What Would Maslow Have Said?

Self-Care Through Networking: How Connecting in a Challenging Economy Can Make a Difference

Yas Djadali

Did the title of this article cause you to pause?  Are you asking yourself, “What does networking have to do with self-care?”  Although the word “networking” can evoke a number of emotions, positive or negative (depending on who you ask), it’s true meaning is “the cultivation of relationships,” in whatever capacity that might be.

Now, the next question: What does networking have to do with Maslow?

Abraham Maslow is most commonly remembered for his psychological theory on human motivation, introduced in the 1940s. Specifically, Maslow outlined a hierarchy of needs, illustrated by a pyramid, the base representing our fundamental physiological needs and the tip representing the highest order need for self-actualization. Somewhere in between is the need for love and belonging—thus, our need to connect, to establish relationships, and to (dare I say) network.

In a challenging and competitive economy, it’s easy to get discouraged or feel alone in your job search. Cultivating relationships can not only enhance our feelings of social support, but can also enhance our professional pipeline. Most of us whether we realize it or not, already have a network. It’s just a matter of becoming more intentional about how we turn to it. Consider your existing connections among family, friends, peers, professors, alumni from your alma mater(s), former colleagues/employers, church members, and others with whom you affiliate based on a common interest. Make a list of those you know in order to assess which of your networks are strong and which ones could be further developed. Begin with your greatest supporters in order to:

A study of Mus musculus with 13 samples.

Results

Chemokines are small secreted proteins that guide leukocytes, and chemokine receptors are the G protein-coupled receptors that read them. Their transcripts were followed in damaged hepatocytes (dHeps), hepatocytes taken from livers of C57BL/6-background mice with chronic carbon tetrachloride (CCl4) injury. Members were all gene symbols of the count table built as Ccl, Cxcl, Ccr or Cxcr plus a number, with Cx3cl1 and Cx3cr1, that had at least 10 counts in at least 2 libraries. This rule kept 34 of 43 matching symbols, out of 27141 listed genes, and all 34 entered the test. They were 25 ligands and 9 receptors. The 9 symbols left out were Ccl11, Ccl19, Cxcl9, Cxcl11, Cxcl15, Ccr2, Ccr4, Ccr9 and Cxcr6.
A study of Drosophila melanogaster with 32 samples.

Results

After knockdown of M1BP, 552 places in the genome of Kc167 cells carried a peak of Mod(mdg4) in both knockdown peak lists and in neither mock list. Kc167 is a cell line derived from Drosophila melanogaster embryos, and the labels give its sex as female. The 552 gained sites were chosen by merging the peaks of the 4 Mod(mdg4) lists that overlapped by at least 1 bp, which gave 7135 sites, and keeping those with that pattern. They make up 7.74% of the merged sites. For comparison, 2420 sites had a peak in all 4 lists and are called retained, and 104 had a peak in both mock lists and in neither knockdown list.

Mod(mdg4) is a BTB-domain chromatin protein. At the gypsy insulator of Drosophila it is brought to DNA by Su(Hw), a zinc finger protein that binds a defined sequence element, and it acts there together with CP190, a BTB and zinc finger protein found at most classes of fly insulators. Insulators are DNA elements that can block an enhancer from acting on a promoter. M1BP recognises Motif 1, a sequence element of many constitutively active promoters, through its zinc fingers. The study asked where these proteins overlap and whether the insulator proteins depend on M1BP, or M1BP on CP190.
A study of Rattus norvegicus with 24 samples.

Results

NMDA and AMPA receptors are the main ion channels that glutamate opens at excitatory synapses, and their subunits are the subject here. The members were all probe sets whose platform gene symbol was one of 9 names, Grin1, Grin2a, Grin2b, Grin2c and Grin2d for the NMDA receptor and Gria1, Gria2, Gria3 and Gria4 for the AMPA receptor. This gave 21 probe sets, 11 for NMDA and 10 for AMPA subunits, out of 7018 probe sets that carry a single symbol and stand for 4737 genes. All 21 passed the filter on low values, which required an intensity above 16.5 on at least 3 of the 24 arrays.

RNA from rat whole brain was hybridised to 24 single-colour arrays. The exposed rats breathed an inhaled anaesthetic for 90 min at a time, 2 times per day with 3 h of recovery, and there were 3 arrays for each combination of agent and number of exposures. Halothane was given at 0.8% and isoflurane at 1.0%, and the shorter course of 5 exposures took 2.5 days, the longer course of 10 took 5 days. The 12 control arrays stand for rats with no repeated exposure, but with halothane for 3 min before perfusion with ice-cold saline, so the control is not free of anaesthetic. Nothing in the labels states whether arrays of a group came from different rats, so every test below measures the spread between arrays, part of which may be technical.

• Share your career objectives/aspirations.
  • Exchange employment leads.
  • Ask for introductions to prospective employers or influential contacts.
  • Establish an accountability partner to check in about your job search, celebrate your progress, and provide helpful feedback or an additional boost when you get stuck.

Once you’ve started the process with your current contacts, focus on expanding your network to include others:

  • Set up informational meetings with people in your field/industry of interest.
  • Visit your alma maters’ career services offices to inquire about job leads and institutional partnerships with prospective employers.
  • Contact their alumni relations offices to connect with alumni in your area.
  • Join organizations that align with your personal and/or professional interests.

Whether you are a new teacher candidate or clinical intern who is just entering the field, or a seasoned professional who has been laid off or is changing careers, the job search process can appear daunting and potentially exhausting. Therefore, it is important that you are practicing self-care by cultivating a community of personal and professional supporters, to help prevent discouragement and facilitate forward movement.

Yet on second thought, maybe “self-care” isn’t the best word after all. Maybe it’s “reciprocal care.”  I have a feeling Maslow would agree.